A former member of the Customs Anti-Narcotics Unit (CANU) officer was yesterday arraigned on charges of possession of an unlicensed firearm and ammunition.
Roberto Osborne appeared in a city court where he denied that he had a Smith and Wesson semi-automatic pistol without a licence on April 9. He also denied that he on the same day he had 11 live rounds, when the charges were read by Chief Magistrate Priya Sewnarine-Beharry.
It is the police’s case that on the day in question, at 6:50pm, police on patrol in the vicinity of Princes Street observed Osborne acting in a suspicious manner in a yard. According to prosecutor Michael Grant, when the defendant realised that the police saw him, he went to the back of the yard and threw something in a trench. When the police officers searched the trench, Grant added, they found a firearm and Osborne was subsequently arrested.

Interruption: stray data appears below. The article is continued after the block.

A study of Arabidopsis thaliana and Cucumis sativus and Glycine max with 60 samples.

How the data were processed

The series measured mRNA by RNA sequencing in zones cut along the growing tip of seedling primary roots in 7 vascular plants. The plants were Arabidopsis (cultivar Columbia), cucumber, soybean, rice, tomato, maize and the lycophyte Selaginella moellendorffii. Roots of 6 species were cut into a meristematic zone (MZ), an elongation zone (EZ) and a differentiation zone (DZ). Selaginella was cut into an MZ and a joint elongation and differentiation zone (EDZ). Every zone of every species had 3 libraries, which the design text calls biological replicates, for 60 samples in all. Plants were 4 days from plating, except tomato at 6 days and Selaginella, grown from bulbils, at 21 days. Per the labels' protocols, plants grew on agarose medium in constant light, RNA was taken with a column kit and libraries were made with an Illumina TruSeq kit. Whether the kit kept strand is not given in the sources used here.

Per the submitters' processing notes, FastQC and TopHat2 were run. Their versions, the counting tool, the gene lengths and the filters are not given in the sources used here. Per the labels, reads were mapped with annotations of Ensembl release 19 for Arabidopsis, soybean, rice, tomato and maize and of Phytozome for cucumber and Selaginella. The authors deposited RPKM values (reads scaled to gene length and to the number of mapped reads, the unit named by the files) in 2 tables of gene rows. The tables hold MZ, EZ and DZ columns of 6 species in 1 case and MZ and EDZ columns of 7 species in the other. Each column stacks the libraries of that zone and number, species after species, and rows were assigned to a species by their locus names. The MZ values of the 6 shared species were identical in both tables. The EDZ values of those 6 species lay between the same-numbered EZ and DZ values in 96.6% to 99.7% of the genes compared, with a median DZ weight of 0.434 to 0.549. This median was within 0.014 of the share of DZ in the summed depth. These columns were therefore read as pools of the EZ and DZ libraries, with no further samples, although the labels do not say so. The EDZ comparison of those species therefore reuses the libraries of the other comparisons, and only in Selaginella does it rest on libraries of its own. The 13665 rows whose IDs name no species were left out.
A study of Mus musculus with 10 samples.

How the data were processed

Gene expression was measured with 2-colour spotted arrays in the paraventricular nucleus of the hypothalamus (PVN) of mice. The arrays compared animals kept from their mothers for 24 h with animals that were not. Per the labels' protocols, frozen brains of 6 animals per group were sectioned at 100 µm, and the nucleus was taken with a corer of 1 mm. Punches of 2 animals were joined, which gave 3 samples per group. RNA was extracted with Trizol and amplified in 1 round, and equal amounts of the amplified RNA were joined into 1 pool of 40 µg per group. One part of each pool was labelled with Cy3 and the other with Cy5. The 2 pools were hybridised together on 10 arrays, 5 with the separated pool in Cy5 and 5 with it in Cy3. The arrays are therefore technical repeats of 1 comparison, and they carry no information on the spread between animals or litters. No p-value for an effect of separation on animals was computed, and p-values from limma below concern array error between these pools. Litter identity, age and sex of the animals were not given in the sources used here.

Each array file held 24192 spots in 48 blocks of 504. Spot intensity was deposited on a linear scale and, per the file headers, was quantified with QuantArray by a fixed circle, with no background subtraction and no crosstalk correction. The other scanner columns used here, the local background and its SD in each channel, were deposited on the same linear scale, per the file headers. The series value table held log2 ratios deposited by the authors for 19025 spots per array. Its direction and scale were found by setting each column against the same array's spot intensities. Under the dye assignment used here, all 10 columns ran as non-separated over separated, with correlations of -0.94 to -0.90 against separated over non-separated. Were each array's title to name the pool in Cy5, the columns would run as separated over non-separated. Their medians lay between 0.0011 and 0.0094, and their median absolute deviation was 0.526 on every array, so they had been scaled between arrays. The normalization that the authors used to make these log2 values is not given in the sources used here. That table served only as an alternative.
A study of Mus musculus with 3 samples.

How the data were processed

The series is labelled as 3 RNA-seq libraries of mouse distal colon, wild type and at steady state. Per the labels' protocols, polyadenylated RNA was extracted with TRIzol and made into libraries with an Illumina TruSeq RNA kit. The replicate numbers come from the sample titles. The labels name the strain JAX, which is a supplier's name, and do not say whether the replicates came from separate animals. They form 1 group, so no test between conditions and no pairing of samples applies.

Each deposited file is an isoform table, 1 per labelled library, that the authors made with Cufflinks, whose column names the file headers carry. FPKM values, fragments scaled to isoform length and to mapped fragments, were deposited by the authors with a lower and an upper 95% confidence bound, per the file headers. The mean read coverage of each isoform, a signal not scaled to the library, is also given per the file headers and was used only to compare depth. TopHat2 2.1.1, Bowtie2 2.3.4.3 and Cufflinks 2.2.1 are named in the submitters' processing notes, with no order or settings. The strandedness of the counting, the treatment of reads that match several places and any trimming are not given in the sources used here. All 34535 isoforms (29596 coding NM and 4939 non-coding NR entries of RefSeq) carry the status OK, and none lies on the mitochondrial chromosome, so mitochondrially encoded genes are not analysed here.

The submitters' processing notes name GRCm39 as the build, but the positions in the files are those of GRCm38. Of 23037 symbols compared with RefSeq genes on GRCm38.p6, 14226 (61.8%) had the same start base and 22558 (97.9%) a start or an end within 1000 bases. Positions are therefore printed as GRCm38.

Osborne’s lawyer, Gordon Gilhuys, argued that his client could not be blamed for the weapon, since he along with several others were in the very yard playing dominoes.
The Chief Magistrate then interjected and informed Gilhuys that a police rank’s statement alleged that the rank observed Osborne with a silver object heading to the back of the yard and then throwing it in the trench. According to her, the statement also mentioned that the ranks had seen bubbles from the area the object was thrown in the trench and from where the gun was recovered.
Grant objected to bail, saying that no special reasons were offered by the defence. That objection was upheld and the Chief Magistrate, who remanded Osborne to prison. The case was transferred to Georgetown Magistrates’ Court Five, where it will be called on April 29.